The bee loss has raised alarms because one third of the world's agricultural production depends on the European honeybee, Apis mellifera the kind universally adopted by beekeepers in Western countries. Large, monoculture farms require intense pollination activity for short periods of the year, a role that other pollinators such as wild bees and bats cannot fill. Only A. melliferacan deploy armies of pollinators at almost any time of the year, wherever the weather is mild enough and there are flowers to visit.

The growing consensus among researchers is that multiple factors such as poor nutrition and exposure to pesticides can interact to weaken colonies and make them susceptible to a virus-mediated collapse. In the case of our experiments in greenhouses, the stress of being confined to a relatively small space could have been enough to make colonies succumb to IAPV [Israeli Acute Paralysis Virus] and die with CCD-like symptoms.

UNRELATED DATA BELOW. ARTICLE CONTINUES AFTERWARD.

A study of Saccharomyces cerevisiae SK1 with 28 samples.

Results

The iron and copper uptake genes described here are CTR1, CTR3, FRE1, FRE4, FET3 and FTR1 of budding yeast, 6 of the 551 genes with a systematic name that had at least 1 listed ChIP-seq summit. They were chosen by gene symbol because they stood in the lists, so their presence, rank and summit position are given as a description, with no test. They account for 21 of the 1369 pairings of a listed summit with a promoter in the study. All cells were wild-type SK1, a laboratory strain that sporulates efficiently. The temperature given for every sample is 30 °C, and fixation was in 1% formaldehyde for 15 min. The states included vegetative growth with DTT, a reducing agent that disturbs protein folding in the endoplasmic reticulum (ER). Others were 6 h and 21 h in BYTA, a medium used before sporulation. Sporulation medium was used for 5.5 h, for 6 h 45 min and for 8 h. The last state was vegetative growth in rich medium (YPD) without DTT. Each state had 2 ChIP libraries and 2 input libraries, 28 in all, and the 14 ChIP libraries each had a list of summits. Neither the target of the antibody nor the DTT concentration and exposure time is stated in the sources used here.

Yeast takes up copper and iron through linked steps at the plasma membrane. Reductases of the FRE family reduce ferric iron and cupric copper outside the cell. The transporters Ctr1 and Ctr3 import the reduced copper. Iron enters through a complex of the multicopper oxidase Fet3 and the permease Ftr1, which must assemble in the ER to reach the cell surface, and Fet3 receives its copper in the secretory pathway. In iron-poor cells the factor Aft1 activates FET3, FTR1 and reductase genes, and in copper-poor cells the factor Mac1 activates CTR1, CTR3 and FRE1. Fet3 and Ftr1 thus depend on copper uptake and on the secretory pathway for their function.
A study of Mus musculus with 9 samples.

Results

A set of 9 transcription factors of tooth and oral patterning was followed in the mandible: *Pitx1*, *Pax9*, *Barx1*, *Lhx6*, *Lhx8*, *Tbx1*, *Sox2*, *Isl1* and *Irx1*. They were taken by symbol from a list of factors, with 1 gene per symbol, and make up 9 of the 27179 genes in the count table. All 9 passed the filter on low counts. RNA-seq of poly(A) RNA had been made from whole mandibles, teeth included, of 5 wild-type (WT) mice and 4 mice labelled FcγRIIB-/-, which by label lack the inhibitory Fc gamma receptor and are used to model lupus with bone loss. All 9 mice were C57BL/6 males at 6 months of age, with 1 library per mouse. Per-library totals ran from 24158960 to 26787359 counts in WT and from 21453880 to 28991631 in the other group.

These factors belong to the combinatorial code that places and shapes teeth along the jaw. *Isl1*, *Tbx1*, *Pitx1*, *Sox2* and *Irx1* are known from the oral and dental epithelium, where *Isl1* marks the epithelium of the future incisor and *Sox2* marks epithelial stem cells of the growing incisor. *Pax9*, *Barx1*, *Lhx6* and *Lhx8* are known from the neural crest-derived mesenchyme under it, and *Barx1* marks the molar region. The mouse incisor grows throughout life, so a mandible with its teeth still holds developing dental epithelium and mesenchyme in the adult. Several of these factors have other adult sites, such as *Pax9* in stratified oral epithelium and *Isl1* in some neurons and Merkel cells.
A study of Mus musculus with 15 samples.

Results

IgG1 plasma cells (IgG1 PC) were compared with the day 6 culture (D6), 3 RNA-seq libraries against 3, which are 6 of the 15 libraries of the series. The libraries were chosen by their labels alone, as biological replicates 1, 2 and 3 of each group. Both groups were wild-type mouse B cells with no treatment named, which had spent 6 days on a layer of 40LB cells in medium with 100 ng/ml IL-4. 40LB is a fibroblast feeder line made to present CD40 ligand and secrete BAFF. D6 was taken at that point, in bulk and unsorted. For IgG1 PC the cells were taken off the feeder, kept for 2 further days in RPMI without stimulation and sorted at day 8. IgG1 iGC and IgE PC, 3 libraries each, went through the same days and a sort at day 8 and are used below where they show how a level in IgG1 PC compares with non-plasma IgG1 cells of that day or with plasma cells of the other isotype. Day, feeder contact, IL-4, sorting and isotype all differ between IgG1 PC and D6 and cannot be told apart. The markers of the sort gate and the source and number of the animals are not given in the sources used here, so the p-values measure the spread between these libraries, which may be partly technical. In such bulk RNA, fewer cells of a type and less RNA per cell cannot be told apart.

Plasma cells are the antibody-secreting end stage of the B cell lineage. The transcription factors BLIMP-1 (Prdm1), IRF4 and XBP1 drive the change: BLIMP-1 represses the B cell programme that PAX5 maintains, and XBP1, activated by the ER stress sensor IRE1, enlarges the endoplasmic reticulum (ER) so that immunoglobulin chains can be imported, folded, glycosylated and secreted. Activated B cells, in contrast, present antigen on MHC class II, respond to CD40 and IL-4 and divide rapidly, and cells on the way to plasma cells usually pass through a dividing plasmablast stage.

Meanwhile many beekeepers have had some success at preventing colony loss by redoubling their efforts at improving their colonies' diets, keeping infections and parasites such as varroa and nosema in check, and practicing good hygiene. In particular, research has shown that sterilizing old beehive frames with gamma rays before reusing them cuts down the risk of colony collapse. And simple changes in agricultural practices such as breaking up monocultures with hedgerows could help restore balance in honeybees' diets, while providing nourishment to wild pollinators as well.

In short, CCD seems a bit like human AIDS -- an immunodeficiency which allows secondary infections and parasites to take over. It's a complex issue with a complex solution. Read the article for a fascinating bit of science writing, directly from the scientists who have been working on the problem.

(Via Kottke.org. Photo by me!)



Gaet’ale is a pond in Ethiopia which currently holds the record as the most saline water body on Earth. The water in that pond is 43.3% dissolved solids by weight—most of that being salt. This kind of water is called hypersaline for its extreme salt concentration.

In the video below, Professor Martyn Poliakoff explains this natural phenomenon—why it's so salty, how the temperature of the pond affects its salinity, and even why this particular saltwater has a yellow tint. Enjoy:

For the paper Poliakoff describes, check out this abstract.